Lead Center: GRC

Participating Center(s): ARC, GSFC, JPL


Power Electronics and Management

NASA's Planetary Science Division is working to implement a balanced portfolio within the available budget and based on a decadal survey that will continue to make exciting scientific discoveries about our solar system. This balanced suite of missions shows the need for low mass/volume power electronics and management systems and components that can operate in extreme environment for future NASA Science Missions.


Advances in electrical power technologies are required for the electrical components and systems of these future spacecrafts/platforms to address program size, mass, efficiency, capacity, durability, and reliability requirements. Radioisotope power systems (RPS), Advanced Modular Power Systems (AMPS) and In-Space Electric Propulsion (ISP) are several programs of interest which would directly benefit from advancements in this technology area. These types of programs, including Mars Sample Return using Hall thrusters and power processing units, require advancements in components and control systems beyond the state-of-the-art. Of importance are expected improvements in system robustness, energy density, speed, efficiency, or wide-temperature operation (-125° C to over 450° C) with a number of thermal cycles. Novel approaches to minimizing the weight of advanced PPUs are also of interest. Advancements are sought for power electronic devices, components, packaging and cabling for programs with power ranges of a few watts for minimum missions to up to 20 kilowatts for large missions. In addition to electrical component development, the Science Mission Directorate has a need for intelligent, fault-tolerant Power Management and Distribution (PMAD) technologies to efficiently manage the system power for deep space missions.




Overall technologies of interest include:


  • High power density/high efficiency power electronics and associated drivers for switching elements.
  • Non-traditional approaches to switching devices, such as addition of graphene and carbon nanotubes to material.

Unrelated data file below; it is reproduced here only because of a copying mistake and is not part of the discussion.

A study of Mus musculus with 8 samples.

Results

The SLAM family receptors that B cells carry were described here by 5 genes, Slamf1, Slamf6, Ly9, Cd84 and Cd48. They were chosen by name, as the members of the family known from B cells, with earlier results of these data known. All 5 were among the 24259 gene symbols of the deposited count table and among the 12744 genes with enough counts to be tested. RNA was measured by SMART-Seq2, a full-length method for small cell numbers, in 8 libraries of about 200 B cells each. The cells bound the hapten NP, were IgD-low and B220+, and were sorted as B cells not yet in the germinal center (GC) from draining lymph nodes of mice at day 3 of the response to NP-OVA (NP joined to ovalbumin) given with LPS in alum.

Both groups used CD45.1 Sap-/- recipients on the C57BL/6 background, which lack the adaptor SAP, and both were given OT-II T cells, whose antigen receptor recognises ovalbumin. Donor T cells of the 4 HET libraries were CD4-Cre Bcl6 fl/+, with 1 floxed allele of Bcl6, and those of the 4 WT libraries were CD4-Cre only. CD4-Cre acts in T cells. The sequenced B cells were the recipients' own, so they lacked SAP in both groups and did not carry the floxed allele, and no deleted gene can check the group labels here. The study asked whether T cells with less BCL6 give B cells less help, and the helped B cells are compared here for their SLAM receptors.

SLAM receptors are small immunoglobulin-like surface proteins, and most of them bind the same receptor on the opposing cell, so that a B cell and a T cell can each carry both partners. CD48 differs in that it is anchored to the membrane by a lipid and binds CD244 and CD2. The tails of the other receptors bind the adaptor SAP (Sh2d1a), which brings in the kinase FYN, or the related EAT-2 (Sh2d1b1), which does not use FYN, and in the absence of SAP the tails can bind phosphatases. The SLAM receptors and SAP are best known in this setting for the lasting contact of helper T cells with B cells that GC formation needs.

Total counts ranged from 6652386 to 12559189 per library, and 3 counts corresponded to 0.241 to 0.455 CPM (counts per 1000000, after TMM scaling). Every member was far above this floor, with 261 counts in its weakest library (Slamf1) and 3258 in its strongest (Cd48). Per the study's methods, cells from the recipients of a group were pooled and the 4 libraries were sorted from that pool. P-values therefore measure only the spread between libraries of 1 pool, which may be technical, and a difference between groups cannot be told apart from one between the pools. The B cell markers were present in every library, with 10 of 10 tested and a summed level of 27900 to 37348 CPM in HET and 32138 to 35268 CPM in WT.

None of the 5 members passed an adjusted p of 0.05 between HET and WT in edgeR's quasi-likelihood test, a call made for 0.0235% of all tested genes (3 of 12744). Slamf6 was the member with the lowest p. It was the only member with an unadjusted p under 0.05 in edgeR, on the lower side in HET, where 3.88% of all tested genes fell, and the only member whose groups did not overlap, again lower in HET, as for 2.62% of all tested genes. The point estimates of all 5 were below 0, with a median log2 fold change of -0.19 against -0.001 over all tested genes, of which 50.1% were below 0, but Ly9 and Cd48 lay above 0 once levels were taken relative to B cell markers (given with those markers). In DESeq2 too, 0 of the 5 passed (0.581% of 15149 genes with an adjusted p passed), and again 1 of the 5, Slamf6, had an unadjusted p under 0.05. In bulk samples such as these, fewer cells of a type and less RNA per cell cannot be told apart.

• Lightweight, highly conductive power cables and/or cables integrated with vehicle structures.
  • Intelligent power management and fault-tolerant electrical components and PMAD systems.
  • Advanced electronic packaging for thermal control and electromagnetic shielding.
  • Integrated packaging technology for modularity.


Energy Storage

Future science missions will require advanced primary and secondary battery systems capable of operating at temperature extremes from -100° C for Titan missions to 400 to 500° C for Venus missions, and a span of -230° C to +120° C for Lunar Quest. The Outer Planet Assessment Group and the 2011 PSD Relevant Technologies Document have specifically called out high energy density storage systems as a need for the Titan/Enceladus Flagship and planetary exploration missions. In addition, high energy-density rechargeable electrochemical battery systems that offer greater than 50,000 charge/discharge cycles (10-year operating life) for low-earth-orbiting spacecraft, 20-year life for geosynchronous (GEO) spacecraft, are desired. Advancements to battery energy storage capabilities that address one or more of the above requirements for the stated missions combined with very high specific energy and energy density (>200 Wh/kg for secondary battery systems), along with radiation tolerance are of interest.


In addition to batteries, other advanced energy storage/load leveling technologies designed to the above mission requirements, such as mechanical or magnetic energy storage devices, are of interest. These technologies have the potential to minimize the size and mass of future power systems.


Research should be conducted to demonstrate technical feasibility during Phase I and show a path toward a Phase II, and when possible, deliver a demonstration unit for NASA testing at the completion of the Phase II contract. Phase II emphasis should be placed on developing and demonstrating the technology under relevant test conditions. Additionally, a path should be outlined that shows how the technology could be commercialized or further developed into science-worthy systems.